I was first diagnosed with bipolar illness more than 40 years ago, after a six-week stay in the psychiatric unit of a Long Island, New York, community hospital. I entered into a personal process of recovery and, five years later, began my life’s work as a ward aide at a New York State Psychiatric Center in Albany and ultimately as an advocate for people like me.
Thanks to my work, I have personally known, served and supported many Americans who have had to deal with the most challenging mental health conditions. I can’t adequately convey how deeply damaging it is when we are dragged once again into the spotlight of blame and vilification after yet another horrific episode of mass murder.
What happens next is inevitable.
Horrified, heartbroken Americans issue fervent calls for gun control reform, while the gun lobby and its allies work just as fervently to shift the conversation and the focus onto “the mentally ill.” Quickly, the talk turns to blaming the “deranged,” “demented,” “disturbed,” “twisted” mentally ill monsters.
These are the very words that have made identifying and getting help so much harder.
Misconceptions about mental illness
There is one word here easy to understand: Crazy. In our shock, horror and outrage, it’s very common to think or say “you’d have to be crazy” to commit these horrific atrocities. Crazy, as in, impossible to understand why someone would be moved to commit such unimaginable, unthinkable and shocking violence.
But "crazy" is not a diagnosis. And the hate, racism, bigotry and white supremacy that President Donald Trump condemned after tragedies in El Paso, Texas, and Dayton, Ohio, are not symptoms.
The president was wrong last week to conflate those who commit mass murders with those of us who are in need of basic care because of our illness. We do not need to call for policies to rebuild institutions that are no substitute for appropriate and intensive outreach, support and housing.
Mental illnesses involve a distinct set of struggles that some of us have with our thinking, our mood and our judgment. This may seem to be a trivial distinction, but it’s critically important to us and to the nearly 1 in 5 Americans who live with mental illness.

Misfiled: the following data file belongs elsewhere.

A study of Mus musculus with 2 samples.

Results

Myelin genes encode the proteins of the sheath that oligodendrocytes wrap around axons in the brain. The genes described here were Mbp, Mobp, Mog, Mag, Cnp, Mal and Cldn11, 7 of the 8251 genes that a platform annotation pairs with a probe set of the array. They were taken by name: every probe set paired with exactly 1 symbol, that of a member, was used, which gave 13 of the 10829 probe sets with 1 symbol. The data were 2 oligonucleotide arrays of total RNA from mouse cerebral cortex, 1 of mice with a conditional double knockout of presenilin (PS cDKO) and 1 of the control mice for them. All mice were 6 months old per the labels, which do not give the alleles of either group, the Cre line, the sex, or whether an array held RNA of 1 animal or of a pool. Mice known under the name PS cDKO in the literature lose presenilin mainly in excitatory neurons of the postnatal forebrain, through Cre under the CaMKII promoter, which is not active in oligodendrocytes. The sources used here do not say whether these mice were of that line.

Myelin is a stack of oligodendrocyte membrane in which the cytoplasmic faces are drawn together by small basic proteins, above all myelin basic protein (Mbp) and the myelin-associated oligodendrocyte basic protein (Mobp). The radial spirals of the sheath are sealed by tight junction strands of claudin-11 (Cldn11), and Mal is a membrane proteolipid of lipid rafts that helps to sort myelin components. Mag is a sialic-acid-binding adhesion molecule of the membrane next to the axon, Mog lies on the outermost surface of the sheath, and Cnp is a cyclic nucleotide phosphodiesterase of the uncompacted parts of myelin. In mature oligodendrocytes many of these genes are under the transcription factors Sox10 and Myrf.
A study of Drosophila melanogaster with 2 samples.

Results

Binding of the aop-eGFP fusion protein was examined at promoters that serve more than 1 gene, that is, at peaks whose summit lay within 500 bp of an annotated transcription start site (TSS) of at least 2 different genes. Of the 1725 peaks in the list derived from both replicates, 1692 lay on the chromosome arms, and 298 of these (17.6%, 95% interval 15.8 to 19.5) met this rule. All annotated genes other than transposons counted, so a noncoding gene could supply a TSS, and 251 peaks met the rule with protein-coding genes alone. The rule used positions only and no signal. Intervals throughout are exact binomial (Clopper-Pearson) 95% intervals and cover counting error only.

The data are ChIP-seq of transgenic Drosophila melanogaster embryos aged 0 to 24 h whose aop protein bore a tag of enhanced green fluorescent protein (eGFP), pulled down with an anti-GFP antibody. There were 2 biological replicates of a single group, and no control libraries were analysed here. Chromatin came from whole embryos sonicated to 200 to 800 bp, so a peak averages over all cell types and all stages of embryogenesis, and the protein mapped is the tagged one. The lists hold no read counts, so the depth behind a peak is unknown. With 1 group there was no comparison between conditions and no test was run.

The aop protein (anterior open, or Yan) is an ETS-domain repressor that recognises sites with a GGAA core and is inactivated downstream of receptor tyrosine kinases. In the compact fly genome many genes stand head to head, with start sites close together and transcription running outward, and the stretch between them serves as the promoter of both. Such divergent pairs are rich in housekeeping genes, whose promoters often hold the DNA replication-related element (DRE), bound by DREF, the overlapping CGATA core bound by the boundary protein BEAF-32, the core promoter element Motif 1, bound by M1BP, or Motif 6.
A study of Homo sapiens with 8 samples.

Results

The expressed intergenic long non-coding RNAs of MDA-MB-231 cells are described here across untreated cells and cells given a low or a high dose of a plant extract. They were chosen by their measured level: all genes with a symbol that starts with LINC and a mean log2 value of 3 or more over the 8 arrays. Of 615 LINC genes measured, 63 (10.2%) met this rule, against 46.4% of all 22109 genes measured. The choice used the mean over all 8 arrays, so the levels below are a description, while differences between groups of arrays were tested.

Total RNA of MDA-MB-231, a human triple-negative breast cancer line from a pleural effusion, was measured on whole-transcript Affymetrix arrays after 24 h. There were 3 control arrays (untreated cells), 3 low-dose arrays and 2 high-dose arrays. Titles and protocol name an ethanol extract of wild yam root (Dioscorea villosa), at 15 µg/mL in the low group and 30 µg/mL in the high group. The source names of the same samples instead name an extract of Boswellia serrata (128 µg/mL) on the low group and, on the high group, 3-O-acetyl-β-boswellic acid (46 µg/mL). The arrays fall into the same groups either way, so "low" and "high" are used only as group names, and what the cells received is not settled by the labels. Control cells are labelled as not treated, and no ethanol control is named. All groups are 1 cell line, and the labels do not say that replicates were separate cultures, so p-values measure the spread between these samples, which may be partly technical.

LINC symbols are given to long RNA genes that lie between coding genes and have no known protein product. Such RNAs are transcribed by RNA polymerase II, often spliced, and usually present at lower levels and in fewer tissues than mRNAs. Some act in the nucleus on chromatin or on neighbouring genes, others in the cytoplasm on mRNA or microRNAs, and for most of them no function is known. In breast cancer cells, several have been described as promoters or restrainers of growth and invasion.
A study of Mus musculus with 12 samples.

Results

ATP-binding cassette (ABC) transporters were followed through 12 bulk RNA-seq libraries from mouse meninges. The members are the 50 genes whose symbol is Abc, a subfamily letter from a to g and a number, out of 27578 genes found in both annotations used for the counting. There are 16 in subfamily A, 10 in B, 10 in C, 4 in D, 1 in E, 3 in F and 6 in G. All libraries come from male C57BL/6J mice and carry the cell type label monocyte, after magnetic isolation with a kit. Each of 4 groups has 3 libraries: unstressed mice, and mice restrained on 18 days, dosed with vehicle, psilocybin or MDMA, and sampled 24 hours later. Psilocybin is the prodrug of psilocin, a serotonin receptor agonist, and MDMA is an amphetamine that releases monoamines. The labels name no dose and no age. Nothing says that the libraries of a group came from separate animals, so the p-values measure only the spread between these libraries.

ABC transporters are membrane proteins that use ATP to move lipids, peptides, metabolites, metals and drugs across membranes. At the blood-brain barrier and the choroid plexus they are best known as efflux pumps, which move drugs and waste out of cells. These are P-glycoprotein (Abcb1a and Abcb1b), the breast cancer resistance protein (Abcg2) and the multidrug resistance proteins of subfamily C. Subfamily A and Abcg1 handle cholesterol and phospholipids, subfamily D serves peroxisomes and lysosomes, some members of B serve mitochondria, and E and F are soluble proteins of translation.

Despite long-entrenched public fears, many studies show that, when substance abuse is not a factor, we are typically not more violent than the general public. And those with a major mental illness account for just about 4% of acts of self-reported physical violence in our nation.
In fact, a 2005 study found that people with severe mental illness are 11 times more likely to be victims of violence than others, an appalling finding that continues to be ignored and left unaddressed.
We must be clear that "dangerousness" is not a diagnosis, and that a diagnosis of mental illness does not lead to violence.
Dr. Jeffrey Swanson, a researcher on mental illness and violence, has found that behaviors such as festering anger, alienation and bitterness are common among mass shooters. These traits don't meet the threshold of a mental disorder, but they can lead to violence.
Look at the last few years' tragedies to witness a growing list of angry, bitter, alienated and violent people with guns, some of whom may also be political or domestic terrorists. They are the ones who are killing our fellow Americans — not us.
Real reform is community-based
We seem to only talk about mental health services and policy reform after a tragedy, but then we do so little to carry those changes out.
We will not find effective or humane answers in "lock them up" policies that are a return to the institutions of the past.
Instead, we must skillfully and voluntarily help people in the greatest distress within their own communities. Federal and state mental health agencies must not embrace false, costly and coercive solutions that play to public fears and that seek to force rather than to fix services.
So many people with mental illness have shared with me the great distress and anger they feel about how we are being portrayed and treated, and the identification we feel with other marginalized groups that have been similarly targeted.
It’s time to stop defaming and blaming us and to get serious about addressing the growing climate of fear, prejudice, anger and violence in our country. To get there, we’ll need inspirational leadership that unites us rather than separates us from each other. It’s leadership of this kind that will indeed make us all safer.
Harvey Rosenthal is the CEO of New York Association of Psychiatric Rehabilitation Services in Albany, New York.